When I woke up this morning, it was raining. I forget sometimes how abrupt it is, the switch between the warm days on Indian summer and the soggy days of late fall and winter. Today is grey and dour, a good day for skulking inside. My skulking was greatly assisted by the fact that I stepped on a shard of glass and can’t seem to get it out of my foot, and am therefore reduced to limping about like an angry pelican. Every now and then I optimistically think it might have worked its way out and try putting my whole weight on it, and am rewarded with a searing pain that appears to actually be terminating in my soul.
My natural response to cold weather is to commence cooking overdrive, like most individuals I know. Unfortunately, we have so many leftovers right now that cooking more food is not really advisable, and may result in blacklisting me from the kitchen, which is a great tragedy, because winter is the time for some of my favourite foods.
Starting with mushrooms. Let me tell you, the mushrooms are in season, and if I didn’t live on a toxic dump I’d be out foraging right now. Black chantrelles, black trumpets, matsutakes, and hedgehogs in a cream sauce is a splendid thing which almost causes me physical pain to ponder. I like mushrooms on toast, in soups and sauces, tossed with Chinese food, and in scrambled eggs. And I don’t even like scrambled eggs. I like mushroom ice cream, mushroom pate, and mushroom pancakes. Bring on the mushrooms, I say. I’m hoping there will be an intriguing assortment at the Farmer’s Market on Sunday.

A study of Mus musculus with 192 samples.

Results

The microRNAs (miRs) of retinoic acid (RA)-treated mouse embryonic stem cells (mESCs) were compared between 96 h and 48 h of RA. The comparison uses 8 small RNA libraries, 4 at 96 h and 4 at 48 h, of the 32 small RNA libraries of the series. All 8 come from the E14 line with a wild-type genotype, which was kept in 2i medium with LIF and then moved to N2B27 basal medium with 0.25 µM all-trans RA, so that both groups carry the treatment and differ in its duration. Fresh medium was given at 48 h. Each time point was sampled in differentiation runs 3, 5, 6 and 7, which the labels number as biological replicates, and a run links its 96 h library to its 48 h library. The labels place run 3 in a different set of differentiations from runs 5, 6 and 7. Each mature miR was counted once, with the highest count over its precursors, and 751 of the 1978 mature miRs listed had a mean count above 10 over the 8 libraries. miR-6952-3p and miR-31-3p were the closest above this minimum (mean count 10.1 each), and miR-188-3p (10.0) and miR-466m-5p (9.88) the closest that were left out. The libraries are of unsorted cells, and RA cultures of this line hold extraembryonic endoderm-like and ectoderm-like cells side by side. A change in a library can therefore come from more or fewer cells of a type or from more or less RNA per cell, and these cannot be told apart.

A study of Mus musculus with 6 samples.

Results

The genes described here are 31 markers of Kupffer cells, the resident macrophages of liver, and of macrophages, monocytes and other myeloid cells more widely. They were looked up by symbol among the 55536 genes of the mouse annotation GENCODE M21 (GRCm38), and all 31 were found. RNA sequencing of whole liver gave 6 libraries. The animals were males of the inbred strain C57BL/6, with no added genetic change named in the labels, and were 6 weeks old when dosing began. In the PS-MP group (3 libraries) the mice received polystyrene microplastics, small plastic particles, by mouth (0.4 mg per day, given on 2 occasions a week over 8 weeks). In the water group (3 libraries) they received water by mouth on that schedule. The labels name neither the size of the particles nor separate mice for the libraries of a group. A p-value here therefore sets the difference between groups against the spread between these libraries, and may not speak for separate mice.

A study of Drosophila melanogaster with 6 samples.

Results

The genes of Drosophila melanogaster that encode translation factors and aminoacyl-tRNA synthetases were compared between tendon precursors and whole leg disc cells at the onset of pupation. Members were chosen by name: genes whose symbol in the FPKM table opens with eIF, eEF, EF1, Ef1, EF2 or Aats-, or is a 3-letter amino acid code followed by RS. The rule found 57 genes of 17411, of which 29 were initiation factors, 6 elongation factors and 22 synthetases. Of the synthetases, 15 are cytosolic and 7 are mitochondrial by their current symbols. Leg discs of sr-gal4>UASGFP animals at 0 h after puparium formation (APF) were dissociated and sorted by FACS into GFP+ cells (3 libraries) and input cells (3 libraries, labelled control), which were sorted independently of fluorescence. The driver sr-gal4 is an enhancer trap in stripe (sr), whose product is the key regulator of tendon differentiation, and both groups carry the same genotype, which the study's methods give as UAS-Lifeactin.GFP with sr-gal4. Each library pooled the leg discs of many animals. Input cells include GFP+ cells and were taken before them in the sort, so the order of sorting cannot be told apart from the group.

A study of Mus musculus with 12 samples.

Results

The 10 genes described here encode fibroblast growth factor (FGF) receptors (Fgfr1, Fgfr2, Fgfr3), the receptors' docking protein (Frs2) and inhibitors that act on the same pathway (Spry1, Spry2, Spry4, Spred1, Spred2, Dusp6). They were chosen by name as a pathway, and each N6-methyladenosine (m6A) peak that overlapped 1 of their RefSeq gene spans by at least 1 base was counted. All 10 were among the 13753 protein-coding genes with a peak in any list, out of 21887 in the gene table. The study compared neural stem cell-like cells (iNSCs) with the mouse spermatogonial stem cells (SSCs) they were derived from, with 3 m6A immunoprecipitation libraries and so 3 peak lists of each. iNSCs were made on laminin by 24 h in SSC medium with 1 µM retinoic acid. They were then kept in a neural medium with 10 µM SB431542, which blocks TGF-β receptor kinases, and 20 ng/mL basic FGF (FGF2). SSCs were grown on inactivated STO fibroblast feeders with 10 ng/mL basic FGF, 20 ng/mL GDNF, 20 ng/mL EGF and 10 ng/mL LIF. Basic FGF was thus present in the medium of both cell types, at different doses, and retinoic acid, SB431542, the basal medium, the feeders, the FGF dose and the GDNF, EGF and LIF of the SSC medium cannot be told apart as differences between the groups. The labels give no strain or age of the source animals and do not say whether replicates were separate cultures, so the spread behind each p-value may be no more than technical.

Squash. I heart me some squash. Winter squash is so varied and amazing that it really brings a tear to the eye. There’s creamy buttercup, spunky spaghetti squash, and acorn, which is delicious roasted with a drizzling of goat cheese and a hint of brown sugar. There are squash soups and squash stir fries, squash on the side and squash in the middle. There’s something about the whole squash process, with the roasting which warms the house and fills it with delicious scents, that is very wintery and excellent. Soon I’ll be busting out with the pumpkin pies, although I could do with a really excellent pumpkin pie recipe, instead of a merely decent one.
Cranberries. I usually buy them and freeze them so that I can feast on their tart red goodness through January. Cranberry sauce is, of course, obligatory at all times after 10 November, but I also love cranberry tarts with a good layer of thick chocolate on top. Cranberries are just so exciting, this burst of vibrant red color that screams “eat me,” with that sassy undernote of bitterness which puckers the mouth momentarily and causes you to reach for the egg nog.
Ah, winter. Some people go into hibernation: I merely cook in a neverending frenzy until Easter, when I sit replete at a table covered in the remains of a massive meal, burping gently and gnawing on bones.